Publication bias - a cross-sectional study of randomised trials in Sub-saharan Africa: ongoing challenges of research waste

Date & Time
Wednesday, September 6, 2023, 2:15 PM - 2:25 PM
Location Name
St James
Session Type
Oral presentation
Communicating evidence including misinformation and research transparency
Oral session
Communicating evidence, misinformation and research transparency
Hohlfeld AS1, Kredo T2, Clarke M3
1Cochrane South Africa, South African Medical Research Council, South Africa
2South African Medical Research Council, South Africa
3Queen's University Belfast, United Kingdom

Background: During this time of infodemics in health, we continue to find that registered trial results are unpublished. In other words, their results are unavailable to the public or healthcare consumers, which weakens available evidence and impedes evidence-based care. This is particularly of concern in places where resources are limited, such as in sub-Saharan Africa (SSA), where evidence about what works can have major implications for cost-effective care.
Objectives: To determine the publication status of registered trials in SSA and to describe their characteristics and assess the association between publishing.
Methods: Using meta-epidemiological cohort methods, we searched clinical trial registry platforms. We conducted a logistic analysis using the available trial data.
Results: We found 14,203 trials registered in SSA since 2010. 20.5% of completed trials did not publish. More than 85% of trials were retrospectively registered. Our logistic regression model showed that trial phase was the only significant predictor of publishing. Odds ratio of publishing: phase-1 (14.4, 95% CI: 8.04–21.89), more likely to publish; phase-2 (0.67, 95% CI: 0.34–1.67); phase-3 (0.34, 95% CI: 0.17–0.67); and phase-4 (0.37, 95% CI: 0.14–0.89) trials, less likely to publish. Important to note, trialists had not updated their trial’s status, results, or both on the trial registry.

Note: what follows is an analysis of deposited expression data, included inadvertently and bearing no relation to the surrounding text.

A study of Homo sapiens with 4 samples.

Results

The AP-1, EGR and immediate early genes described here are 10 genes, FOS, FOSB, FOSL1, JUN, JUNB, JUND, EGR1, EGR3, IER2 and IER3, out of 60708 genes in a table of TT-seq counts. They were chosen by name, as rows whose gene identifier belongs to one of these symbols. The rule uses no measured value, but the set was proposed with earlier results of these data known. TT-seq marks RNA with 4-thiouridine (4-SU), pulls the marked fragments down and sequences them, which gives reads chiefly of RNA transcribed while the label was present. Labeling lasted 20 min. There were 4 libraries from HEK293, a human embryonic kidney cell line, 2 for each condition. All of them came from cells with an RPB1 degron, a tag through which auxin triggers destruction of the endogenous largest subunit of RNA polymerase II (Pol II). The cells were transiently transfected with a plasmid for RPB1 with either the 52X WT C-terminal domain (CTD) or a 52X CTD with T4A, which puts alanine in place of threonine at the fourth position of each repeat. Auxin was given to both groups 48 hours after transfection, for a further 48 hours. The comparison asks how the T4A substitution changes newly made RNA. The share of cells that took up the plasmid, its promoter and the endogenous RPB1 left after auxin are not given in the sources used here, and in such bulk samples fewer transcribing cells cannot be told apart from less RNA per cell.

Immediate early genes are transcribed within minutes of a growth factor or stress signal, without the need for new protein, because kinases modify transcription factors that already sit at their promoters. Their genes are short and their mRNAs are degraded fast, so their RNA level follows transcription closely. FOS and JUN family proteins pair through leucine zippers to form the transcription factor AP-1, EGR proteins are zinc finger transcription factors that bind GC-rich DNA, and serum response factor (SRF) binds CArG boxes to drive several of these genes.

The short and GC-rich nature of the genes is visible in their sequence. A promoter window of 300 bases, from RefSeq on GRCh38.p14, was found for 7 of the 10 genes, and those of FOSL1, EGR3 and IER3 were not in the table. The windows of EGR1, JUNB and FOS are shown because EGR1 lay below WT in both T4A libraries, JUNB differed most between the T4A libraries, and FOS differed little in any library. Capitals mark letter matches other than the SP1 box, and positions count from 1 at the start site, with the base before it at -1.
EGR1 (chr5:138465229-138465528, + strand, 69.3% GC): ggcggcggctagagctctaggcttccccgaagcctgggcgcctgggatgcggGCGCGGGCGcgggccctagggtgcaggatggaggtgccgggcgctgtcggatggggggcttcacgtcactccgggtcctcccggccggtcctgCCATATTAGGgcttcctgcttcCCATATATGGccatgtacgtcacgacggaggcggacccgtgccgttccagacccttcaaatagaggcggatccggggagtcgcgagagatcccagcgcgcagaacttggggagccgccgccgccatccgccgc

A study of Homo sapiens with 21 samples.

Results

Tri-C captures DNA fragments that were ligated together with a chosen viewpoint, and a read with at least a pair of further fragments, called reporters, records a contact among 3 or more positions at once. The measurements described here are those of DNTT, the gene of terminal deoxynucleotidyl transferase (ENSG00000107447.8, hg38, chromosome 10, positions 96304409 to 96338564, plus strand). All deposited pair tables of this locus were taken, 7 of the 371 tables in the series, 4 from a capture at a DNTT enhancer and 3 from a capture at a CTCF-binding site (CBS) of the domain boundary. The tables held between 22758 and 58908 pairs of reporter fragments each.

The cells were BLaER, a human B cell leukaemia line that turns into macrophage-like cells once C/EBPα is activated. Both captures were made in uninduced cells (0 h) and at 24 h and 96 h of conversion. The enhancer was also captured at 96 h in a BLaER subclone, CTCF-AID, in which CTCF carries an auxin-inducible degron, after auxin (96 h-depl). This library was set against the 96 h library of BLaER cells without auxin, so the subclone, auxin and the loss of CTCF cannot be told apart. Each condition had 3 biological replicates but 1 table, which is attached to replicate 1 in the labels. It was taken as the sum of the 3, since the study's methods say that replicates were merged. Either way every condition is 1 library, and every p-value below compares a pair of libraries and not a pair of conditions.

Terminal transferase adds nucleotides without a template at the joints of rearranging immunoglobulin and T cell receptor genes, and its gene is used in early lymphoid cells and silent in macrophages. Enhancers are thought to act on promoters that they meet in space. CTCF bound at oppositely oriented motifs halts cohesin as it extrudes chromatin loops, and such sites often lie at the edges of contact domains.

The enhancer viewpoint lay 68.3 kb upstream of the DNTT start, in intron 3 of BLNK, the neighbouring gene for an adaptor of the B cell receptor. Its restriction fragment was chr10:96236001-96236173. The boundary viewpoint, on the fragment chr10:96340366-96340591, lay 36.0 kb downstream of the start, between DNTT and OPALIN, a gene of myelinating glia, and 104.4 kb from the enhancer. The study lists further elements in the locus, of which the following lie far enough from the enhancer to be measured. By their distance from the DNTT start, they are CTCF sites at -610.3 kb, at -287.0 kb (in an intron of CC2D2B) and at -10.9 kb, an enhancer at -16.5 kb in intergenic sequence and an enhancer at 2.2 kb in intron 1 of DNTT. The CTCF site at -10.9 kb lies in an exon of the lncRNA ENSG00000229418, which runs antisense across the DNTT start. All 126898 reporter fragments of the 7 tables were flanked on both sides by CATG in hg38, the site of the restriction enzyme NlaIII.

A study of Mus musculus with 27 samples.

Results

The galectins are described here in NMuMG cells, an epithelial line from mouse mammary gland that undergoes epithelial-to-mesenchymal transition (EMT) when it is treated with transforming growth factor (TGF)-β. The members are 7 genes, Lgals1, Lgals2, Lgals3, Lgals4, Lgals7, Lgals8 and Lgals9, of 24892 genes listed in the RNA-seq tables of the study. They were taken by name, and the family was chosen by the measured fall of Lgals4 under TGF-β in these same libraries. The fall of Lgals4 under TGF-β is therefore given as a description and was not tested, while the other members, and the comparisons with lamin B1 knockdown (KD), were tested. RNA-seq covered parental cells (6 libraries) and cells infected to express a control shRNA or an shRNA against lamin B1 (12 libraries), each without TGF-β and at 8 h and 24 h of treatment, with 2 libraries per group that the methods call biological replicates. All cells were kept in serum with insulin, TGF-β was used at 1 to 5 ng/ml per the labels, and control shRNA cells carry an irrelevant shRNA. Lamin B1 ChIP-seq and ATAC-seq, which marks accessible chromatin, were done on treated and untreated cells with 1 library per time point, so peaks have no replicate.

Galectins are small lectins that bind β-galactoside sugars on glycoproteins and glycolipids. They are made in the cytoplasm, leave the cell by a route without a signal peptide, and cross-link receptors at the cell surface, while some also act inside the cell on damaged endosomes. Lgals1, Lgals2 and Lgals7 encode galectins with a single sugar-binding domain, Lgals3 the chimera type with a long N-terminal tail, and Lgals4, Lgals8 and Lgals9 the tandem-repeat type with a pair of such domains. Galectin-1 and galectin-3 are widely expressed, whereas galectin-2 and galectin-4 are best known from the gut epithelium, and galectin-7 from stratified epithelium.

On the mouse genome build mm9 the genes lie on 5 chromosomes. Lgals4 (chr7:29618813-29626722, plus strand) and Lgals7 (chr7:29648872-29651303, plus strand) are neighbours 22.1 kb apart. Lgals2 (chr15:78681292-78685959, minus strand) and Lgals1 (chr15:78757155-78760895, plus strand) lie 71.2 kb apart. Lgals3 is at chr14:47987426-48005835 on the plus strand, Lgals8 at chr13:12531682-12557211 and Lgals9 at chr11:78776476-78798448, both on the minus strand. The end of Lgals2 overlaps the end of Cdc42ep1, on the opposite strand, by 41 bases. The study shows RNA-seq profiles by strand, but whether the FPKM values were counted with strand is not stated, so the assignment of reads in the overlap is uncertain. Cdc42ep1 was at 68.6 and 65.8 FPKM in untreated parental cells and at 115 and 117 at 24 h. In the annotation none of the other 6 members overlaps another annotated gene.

Conclusions: It is promising to see that only 79.5% of SSA trials are published, but we need to know how long it takes to publish the trials in journals. Furthermore, we found inconsistencies in reporting trial data on the trial registry platforms. The SSA region, with poor health systems and a substantial disease burden, relies on accurate trial data to address the challenges. Our next step is to conduct a survival analysis to assess the time to publication. Failure to publish trial results soon after completion is a disservice to informing patients, clinicians, and healthcare consumers that rely on up-to-date evidence they can trust. Research needs to be transparent. Patient, public, and/or healthcare consumer involvement: No involvement in this research. Given the interest in trial data since the COVID-19 pandemic, we welcome consumer feedback.